Tranquillising was not an option, says shikari

August 13, 2013 01:09 am | Updated December 04, 2021 11:38 pm IST - Hyderabad:

Nawab Shafat Ali Khan of Hyderabad, >who killed a leopard in Himachal Pradesh’s Mandi district on Sunday, has been asked to stay back in the district and capture a few other leopards that are stalking villages in the area. In a district where people are feeling terrorised by these leopards, Mr. Khan may have no choice but to shoot and kill the wildcats. Mr. Khan does carry a tranquillising gun, but officials say putting the leopards to sleep by shooting darts at them is not practical.

P.D. Dogra, Divisional Forest Officer, says the hilly terrain and thick bushes make tranquillising next to impossible. Mr. Khan, the shikari, added that forest officials did try to tranquillise the leopard that was killed on Sunday, but did not succeed. Only after exhausting all their options the officials declared the feline a man-eater and issued official orders asking Mr. Khan to shoot the animal.

Tranquillising requires a clear view of the animal otherwise the dart can miss its target. “If I had tried to tranquillise the leopard I would have been killed as the predator charged at me,” Mr. Khan remarked. Mr. Khan is a welcome visitor in these parts. On Monday evening, Bhupender Singh, a 24-year-old man, was attacked by another leopard in Thanug village. The injured man was hospitalised and is stated to be out of danger.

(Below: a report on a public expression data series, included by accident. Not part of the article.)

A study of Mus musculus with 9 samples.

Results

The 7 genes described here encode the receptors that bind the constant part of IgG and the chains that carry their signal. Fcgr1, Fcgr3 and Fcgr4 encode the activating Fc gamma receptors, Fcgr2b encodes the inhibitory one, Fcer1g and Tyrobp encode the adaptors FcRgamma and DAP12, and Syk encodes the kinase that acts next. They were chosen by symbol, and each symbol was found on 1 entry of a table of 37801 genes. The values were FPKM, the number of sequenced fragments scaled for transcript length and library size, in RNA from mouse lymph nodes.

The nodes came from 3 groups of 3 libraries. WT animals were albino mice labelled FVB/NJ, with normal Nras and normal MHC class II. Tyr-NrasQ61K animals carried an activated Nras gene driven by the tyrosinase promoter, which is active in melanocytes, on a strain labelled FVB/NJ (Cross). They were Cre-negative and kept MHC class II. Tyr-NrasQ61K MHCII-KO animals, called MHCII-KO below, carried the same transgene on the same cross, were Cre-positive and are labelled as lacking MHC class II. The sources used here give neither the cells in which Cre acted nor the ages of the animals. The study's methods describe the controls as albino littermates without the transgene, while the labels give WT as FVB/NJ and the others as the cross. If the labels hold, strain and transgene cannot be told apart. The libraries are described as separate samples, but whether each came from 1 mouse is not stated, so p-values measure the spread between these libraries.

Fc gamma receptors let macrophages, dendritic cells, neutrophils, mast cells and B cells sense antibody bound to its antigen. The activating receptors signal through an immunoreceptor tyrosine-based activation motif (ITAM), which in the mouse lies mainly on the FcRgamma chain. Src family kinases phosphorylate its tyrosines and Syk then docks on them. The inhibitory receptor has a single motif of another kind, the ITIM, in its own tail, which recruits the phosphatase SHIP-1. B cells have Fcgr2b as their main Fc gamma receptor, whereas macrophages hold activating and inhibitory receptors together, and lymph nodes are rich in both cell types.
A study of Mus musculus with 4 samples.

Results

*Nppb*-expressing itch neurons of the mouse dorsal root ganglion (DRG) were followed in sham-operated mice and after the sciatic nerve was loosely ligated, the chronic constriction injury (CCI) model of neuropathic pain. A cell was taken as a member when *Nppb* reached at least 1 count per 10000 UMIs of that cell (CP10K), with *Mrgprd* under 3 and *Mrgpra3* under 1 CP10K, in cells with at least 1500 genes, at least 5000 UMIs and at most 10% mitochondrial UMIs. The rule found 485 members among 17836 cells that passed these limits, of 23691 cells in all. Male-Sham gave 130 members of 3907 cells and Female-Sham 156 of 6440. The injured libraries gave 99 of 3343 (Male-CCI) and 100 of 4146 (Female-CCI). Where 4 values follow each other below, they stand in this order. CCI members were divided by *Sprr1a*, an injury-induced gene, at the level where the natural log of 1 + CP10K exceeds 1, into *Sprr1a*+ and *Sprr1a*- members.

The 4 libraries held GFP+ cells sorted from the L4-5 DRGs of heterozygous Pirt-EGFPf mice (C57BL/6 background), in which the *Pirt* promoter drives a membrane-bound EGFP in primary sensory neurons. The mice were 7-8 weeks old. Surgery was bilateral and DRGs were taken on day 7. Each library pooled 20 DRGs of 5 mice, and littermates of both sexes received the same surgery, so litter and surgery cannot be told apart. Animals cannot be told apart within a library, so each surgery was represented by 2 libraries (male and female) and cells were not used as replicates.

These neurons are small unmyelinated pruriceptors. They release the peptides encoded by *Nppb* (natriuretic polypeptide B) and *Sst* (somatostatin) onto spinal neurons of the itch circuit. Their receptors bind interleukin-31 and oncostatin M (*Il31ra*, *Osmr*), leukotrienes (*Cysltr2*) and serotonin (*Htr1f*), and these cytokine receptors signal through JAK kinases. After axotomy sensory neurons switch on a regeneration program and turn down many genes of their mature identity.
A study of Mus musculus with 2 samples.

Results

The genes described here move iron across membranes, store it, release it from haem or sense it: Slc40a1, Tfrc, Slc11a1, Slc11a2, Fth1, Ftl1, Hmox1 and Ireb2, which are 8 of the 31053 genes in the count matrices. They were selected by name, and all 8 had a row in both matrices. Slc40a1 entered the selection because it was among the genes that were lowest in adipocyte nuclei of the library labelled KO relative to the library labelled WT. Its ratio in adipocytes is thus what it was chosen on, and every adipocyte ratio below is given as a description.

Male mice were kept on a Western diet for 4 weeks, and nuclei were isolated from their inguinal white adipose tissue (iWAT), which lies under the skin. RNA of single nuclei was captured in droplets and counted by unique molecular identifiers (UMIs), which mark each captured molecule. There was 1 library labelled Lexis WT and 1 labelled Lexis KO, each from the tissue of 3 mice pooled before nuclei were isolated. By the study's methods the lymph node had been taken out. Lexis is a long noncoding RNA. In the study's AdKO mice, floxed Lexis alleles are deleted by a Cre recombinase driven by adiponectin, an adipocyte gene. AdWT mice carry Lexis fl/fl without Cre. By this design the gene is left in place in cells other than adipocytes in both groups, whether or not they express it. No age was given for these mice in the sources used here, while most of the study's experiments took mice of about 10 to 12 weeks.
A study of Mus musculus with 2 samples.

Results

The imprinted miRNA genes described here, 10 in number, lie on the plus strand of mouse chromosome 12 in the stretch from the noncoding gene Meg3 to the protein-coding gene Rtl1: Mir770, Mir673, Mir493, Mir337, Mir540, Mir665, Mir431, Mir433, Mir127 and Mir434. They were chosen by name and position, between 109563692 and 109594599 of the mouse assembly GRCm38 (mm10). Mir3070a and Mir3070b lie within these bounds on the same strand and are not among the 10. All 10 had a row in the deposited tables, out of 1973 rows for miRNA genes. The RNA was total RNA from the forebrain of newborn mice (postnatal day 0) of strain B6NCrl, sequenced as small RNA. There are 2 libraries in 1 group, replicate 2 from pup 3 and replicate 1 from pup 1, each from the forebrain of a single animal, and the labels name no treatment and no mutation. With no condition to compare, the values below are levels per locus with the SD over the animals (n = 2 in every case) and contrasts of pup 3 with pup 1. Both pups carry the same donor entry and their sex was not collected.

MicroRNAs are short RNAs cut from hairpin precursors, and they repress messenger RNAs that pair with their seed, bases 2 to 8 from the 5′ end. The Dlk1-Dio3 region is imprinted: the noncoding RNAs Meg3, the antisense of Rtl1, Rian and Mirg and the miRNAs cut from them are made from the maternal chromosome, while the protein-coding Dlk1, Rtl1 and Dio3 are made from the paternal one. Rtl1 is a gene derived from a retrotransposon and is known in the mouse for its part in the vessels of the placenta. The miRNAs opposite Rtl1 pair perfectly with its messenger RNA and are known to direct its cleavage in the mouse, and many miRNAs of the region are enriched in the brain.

Irate villagers ghearoed forest department officials for their failure to catch the predator. A 500-strong mob gathered and protested at the local hospital where the injured man is recuperating. “If we don’t catch the felines the villagers will thrash us. So angry they are,” remarked Mr. Dogra.

Forest officials say there might be two to three leopards in the hilly terrain. Conservator of Forest, H.B. Kalhoria, the DFO and other forest officials held a meeting at Thanug on Monday to plan the next course of action. Services of local people are being requisitioned and forest guards are camping in the village to allay the fears of residents.

Four cages have already been placed at strategic points in the village and two more are being added. “The leopards are very shrewd and are not coming to get the goats kept as bait,” Mr. Dogra told The Hindu over phone.

Initially the felines were mostly attacking cattle. But in the last one month they have been targeting the villagers.

The locals were not happy with the compensation of Rs. 1 lakh paid by the department to the kin of those killed, Rs. 5000 for simple injuries and Rs. 35,000 for grievous injuries, Mr. Dogra said.